See all Grant & Fellowship Recipients

Rev. Andrew Baskin

2023 National Association of Black Storytellers: Black Appalachian Storytellers Fellowship

A man looking into the camera

Recipient Information


Madison County, Kentucky

Year of Award


Grant or Fellowship

Black Appalachian Storytellers Fellowships

Grant Amount


Rev. Andrew Baskin has dedicated his life to education and storytelling, leaving an indelible mark on generations of students and communities in the Appalachian region. With a career spanning over five decades, his journey through academia and the art of storytelling has been nothing short of extraordinary.

A Lifetime of Teaching

Since January 1972, Rev. Baskin has been a college educator, nurturing minds at various institutions across the Appalachian region. His teaching journey has taken him to Ferrum College in Ferrum, Virginia; Berea College in Berea, Kentucky; and Simmons College of Kentucky in Louisville, Kentucky. In each of these esteemed institutions, he has passionately imparted knowledge in African or Black History, American History, and African History.

The Power of Storytellers

Rev. Baskin's appreciation for the art of storytelling was nurtured by the educators and mentors he encountered throughout his life. Notably, individuals at Charles M. Hall School in Alcoa, Tennessee, and the Berea College History Department introduced him to the legacy of Dr. Carter G. Woodson, the Father of Black History. During his tenure as the Director of the Black Cultural Center and Interracial Education Program at Berea College, he played a pivotal role in hosting the National Association of Black Storytellers. For thirty-two years, he served as the Editor of "The Griot: The Journal of African American Studies" for the Southern Conference of African American Studies.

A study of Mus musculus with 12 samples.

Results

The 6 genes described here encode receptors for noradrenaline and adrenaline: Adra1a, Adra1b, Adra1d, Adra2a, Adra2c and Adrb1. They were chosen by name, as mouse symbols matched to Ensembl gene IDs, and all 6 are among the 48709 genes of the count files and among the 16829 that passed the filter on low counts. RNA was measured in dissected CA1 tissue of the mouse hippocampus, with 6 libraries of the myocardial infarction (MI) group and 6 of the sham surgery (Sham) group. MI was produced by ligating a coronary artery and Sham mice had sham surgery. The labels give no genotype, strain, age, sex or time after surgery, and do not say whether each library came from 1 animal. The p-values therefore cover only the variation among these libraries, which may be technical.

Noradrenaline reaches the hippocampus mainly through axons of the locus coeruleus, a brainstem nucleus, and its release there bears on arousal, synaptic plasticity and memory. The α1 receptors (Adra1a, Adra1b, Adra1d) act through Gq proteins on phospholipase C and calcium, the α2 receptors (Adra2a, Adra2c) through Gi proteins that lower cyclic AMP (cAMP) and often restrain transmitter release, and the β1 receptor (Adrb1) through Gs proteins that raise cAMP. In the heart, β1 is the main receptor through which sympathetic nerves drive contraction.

Rooted in Appalachia

Rev. Baskin's life has been intertwined with the Appalachian region, where he has always lived. His stories are deeply rooted in the Appalachian experience, and he has shared them primarily in college settings. Through lectures, discussions, readings, and research, he inspires students to not only discover the stories of others but also to embrace and share their own narratives, whether from their families, communities, or organizations.

Passing on the Legacy

Rev. Baskin's impact extends beyond the classroom. His former students are now educators themselves, teaching at colleges, universities, and K-12 public schools. Together, they work in diverse communities, bridging gaps of ethnicity, race, class, gender, and religion. This commitment to mentorship and education is a cornerstone of Rev. Baskin's philosophy.

Preserving Untold Stories

Rev. Baskin firmly believes in the importance of telling one's own story. He champions the idea that if individuals do not share their narratives, others will write their stories for them. In his tireless pursuit of preserving the history of Black Appalachians, he cites scholars like Dr. William Turner and the late Edward J. Cabbell as pioneers who have illuminated the contributions of African Americans to the region.

BASF Project: Dorothy Mitchell-Kincaid: The Conscience of the 13th Streets

Rev. Baskin's current project is a testament to his dedication to preserving the history of African Americans in the Appalachian region. He was awarded a 2023 Black Appalachian Storytellers Fellowship to celebrate the life and contributions of Dorothy Mitchell-Kincaid to the predominantly African American section of Alcoa, Tennessee, known as the 13 Streets. Through interviews with Mrs. Mitchell-Kincaid, her family, and friends, Rev. Baskin will create a monograph that will be shared through written documents and oral presentations, especially in Mrs. Mitchell-Kincaid's home county of Blount County, Tennessee.

Rev. Andrew Baskin's lifelong commitment to education and storytelling has not only enriched the lives of countless individuals but has also ensured that the stories of Black Appalachians are heard, cherished, and passed on to future generations.